The most intensive clinical studies of psychedelic psychotherapy were done in the United States and Europe from the early 1950s through the early 1970s. During that time, more than 40,000 human subjects, both mentally healthy volunteers and psychiatric patients, received LSD, psilocybin and mescaline in scientific research. More than 1,000 clinical studies, medical reports and literature reviews have been published in peer-reviewed scientific journals demonstrating that psychedelic psychotherapy is effective as an alternative approach to the treatment of various addictions. The same studies also demonstrate that this technique is highly effective in the treatment of patients with neurotic disorders, depression, psychosomatic illnesses, and personality disorders, as well as death anxiety in individuals dying from cancer or other incurable diseases.

The psychiatrist, Stanislav Grof, M.D., developed the most comprehensive theory of psychedelic psychotherapy. He believed that a therapeutic experience of a symbolic death and rebirth of ego allowed clients to work through their deep traumatic fixations in the psyche, or unconscious mind. Dr. Grof designed a specific psychotherapeutic approach and applied LSD psychedelic psychotherapy successfully with more than 750 patients. He discouraged his clients from analyzing their psychological problems or clinical symptoms. Instead, he assisted patients in transcending their inflexible maladjustive patterns. Dr. Grof placed a strong emphasis on the growth potential of his clients and devised a way to enhance this process. He summarized his psychotherapeutic approach in the comprehensive textbook entitled LSD Psychotherapy.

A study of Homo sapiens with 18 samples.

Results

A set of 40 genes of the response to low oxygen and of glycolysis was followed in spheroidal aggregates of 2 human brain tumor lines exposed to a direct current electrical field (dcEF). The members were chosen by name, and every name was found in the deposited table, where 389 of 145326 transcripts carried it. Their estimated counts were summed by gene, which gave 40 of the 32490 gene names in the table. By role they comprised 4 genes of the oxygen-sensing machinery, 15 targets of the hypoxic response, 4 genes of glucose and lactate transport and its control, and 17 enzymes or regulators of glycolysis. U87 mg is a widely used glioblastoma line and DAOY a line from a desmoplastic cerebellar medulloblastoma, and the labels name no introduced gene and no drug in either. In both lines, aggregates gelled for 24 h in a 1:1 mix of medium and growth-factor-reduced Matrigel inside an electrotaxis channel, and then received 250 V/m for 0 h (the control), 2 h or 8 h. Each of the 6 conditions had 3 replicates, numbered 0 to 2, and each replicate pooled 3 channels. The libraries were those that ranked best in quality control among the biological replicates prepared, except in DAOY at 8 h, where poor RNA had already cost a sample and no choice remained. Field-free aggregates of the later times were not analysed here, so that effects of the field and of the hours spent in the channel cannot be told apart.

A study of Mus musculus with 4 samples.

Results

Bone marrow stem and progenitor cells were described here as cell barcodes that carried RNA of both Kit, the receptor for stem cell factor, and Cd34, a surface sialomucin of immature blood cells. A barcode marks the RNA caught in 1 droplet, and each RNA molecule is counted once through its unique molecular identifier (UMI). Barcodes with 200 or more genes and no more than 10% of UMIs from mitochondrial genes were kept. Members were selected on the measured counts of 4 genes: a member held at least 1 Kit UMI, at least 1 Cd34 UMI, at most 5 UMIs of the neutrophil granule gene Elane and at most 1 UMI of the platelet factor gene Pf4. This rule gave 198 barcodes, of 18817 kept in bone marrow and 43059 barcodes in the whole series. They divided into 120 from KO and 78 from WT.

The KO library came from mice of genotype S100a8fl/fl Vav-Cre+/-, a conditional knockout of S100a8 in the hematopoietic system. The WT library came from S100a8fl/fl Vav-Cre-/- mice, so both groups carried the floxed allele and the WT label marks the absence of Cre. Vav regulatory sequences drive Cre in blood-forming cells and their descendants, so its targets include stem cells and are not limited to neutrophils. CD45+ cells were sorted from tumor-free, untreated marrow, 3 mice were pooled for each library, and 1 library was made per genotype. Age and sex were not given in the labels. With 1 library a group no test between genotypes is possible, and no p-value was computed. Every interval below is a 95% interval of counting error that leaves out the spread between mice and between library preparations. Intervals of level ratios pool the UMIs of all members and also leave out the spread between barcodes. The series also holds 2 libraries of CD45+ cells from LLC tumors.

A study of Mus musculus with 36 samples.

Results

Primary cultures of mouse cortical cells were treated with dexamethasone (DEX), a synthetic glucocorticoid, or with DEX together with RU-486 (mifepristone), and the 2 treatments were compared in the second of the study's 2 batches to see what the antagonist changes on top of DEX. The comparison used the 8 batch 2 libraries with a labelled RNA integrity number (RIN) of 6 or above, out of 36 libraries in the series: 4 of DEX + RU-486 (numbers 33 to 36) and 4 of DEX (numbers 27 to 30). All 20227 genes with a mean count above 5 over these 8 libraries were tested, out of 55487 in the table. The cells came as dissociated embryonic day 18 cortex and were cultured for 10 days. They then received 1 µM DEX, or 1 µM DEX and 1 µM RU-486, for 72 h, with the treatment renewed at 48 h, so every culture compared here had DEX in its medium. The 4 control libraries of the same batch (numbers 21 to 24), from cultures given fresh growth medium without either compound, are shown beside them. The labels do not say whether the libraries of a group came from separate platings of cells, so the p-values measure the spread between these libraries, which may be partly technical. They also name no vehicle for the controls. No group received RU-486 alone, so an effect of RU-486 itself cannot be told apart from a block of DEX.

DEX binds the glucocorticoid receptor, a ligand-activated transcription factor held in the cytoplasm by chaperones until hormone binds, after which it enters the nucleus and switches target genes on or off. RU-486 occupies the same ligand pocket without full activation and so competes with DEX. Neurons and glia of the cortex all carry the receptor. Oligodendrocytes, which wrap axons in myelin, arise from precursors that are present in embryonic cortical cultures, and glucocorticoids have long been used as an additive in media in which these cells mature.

Evgeny Krupitsky, M.D., a Russian psychiatrist, began using ketamine psychedelic psychotherapy (KPP) in 1985, for treatment of various drug dependencies, such as alcohol, heroin and ephedrine. Dr. Krupitsky has done the most comprehensive clinical research on this subject of ketamine psychedelic psychotherapy and has treated more than 1,000 patients in his center without complications. In 1997, Dr. Krupitsky published an extensive review of the results of his KPP research in the Journal of Psychoactive Drugs. He concluded that KPP is a safe and effective alternative treatment of addiction. In addition, Dr. Krupitsky reported that KPP is also an effective tool for treatment of post-traumatic stress disorder, reactive depression, neurotic disorders and avoidant personality disorders. He reported that his patients showed significant improvement after KPP. They became less anxious and depressed, more responsible and emotionally mature, with increased ego strength and positive changes in life values, self-concept and spiritual development.

The Kolp Institute’s WELL Program adapts the approach of both researchers to help clients achieve physical and psychological well-being and accelerate their psycho-spiritual growth.